Provost Jim Dean said when details about the athletic-academic scandal first came to light in 2011, the University began to change its academic oversight policies, instituting internal reviews that require department heads and professors to undertake more work in order to prevent academic fraud.
“It puts us in a little bit of an interesting position because the Wainstein report comes out, and if people hadn’t been paying attention, they might say, ‘So what are you gonna do to fix the problems?’ And in many cases, what we can say is, ‘Well, actually, we’ve already fixed them,’” Dean said.
“That’s not to say we’ve fixed all of them. I do not believe we’ve fixed all of them. But we’ve come a long way over the last few years in order to address them.”
Department heads are now required to take an extra step to ensure that professors within their departments are being academically honest. They must collect and analyze professors’ syllabi and students’ independent study contracts, organize random class visitations and investigate classes whose enrollment of athletes crosses a certain threshold.
Since 2012, the College of Arts and Sciences has also required an annual review of department heads.
Fitz Brundage, chairman of the history department, said these increased oversight policies are essential to rebuilding and maintaining a positive reputation for UNC.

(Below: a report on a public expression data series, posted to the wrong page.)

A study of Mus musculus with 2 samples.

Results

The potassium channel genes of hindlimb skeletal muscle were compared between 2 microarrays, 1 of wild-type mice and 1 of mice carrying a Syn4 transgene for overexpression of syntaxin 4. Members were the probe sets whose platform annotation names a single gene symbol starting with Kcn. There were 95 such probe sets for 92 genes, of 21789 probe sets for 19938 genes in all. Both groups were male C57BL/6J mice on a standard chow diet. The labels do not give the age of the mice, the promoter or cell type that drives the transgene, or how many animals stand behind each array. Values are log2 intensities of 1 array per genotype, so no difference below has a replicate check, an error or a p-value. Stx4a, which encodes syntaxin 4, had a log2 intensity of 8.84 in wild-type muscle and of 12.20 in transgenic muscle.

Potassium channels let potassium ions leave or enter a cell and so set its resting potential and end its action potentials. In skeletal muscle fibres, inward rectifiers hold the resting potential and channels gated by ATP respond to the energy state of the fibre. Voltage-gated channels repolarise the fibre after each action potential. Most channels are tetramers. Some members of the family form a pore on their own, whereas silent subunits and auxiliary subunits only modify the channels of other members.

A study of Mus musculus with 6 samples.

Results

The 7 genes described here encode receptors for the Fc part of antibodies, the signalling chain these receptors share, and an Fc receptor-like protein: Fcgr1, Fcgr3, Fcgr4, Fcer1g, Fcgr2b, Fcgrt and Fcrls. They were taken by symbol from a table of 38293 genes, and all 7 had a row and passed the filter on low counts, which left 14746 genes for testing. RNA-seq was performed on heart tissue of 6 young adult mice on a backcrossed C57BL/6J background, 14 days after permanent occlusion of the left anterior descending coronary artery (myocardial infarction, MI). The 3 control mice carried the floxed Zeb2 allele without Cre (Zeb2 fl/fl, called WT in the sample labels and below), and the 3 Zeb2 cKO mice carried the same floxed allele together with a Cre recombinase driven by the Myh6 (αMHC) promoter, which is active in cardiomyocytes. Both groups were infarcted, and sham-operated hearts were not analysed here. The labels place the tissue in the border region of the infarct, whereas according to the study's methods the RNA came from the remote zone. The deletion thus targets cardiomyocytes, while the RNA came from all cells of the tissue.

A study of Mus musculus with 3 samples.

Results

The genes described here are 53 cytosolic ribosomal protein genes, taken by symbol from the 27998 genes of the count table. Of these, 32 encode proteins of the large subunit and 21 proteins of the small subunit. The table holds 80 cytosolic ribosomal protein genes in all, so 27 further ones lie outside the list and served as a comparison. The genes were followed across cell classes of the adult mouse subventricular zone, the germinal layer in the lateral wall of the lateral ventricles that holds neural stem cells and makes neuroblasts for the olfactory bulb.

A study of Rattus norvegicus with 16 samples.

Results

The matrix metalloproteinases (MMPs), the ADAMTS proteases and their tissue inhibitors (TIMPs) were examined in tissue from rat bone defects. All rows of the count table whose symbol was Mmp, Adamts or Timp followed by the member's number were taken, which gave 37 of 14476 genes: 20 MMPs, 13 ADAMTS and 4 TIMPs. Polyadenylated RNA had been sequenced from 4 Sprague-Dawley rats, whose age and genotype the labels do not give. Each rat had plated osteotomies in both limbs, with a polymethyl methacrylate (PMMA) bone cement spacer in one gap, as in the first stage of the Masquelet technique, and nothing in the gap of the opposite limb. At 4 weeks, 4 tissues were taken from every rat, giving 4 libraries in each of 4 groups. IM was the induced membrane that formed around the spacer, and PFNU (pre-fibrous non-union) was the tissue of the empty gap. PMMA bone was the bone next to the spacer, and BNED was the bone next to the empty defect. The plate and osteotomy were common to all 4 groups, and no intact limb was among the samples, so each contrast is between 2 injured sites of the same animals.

“Given what the report discovered, I think absolutely it’s necessary,” he said. “It’s something we have to do to restore the integrity of the institution.”
Though the extra work can often seem onerous, Chris Clemens, chairman of the physics department, said he doesn’t feel as if he or other departments are being unfairly penalized.
“It’s not punishment to be asked to document what you’re doing, so I’m in favor of it,” Clemens said. “It’s an extra few hours at the beginning of each semester to make sure that stuff is on file, so it’s not an enormous burden.”
Rudi Colloredo-Mansfeld, chairman of the anthropology department, said it’s vital that the University find a delicate way not to stifle departments’ academic license to conduct their classes as they see fit.
“It’s critically important for professors to have academic freedom,” he said.
Dean said the academic procedures instituted since 2011 don’t interfere with professors’ academic freedom in the classroom.
“One of the things that academic freedom means is the ability to do things that are unprecedented and newly really creative. And the kind of oversight we’re talking about doesn’t touch that kind of academic freedom at all,” he said. “Having said that, academic freedom never has meant the freedom to not do your job or the freedom to do your job really badly.”
Colloredo-Mansfeld said that while the Wainstein report does highlight a history of dishonesty on the University’s part, it also inspires change for the future.
“The issues about every department having to ensure that all courses are really run in the most ethical, best way — the Wainstein report just reminds everybody about the commitment we have to teaching and to the meeting of high standards,” he said.
Brundage said his department realizes the importance of these reviews.
“I wish it wasn’t necessary, but it’s obvious that it is,” he said.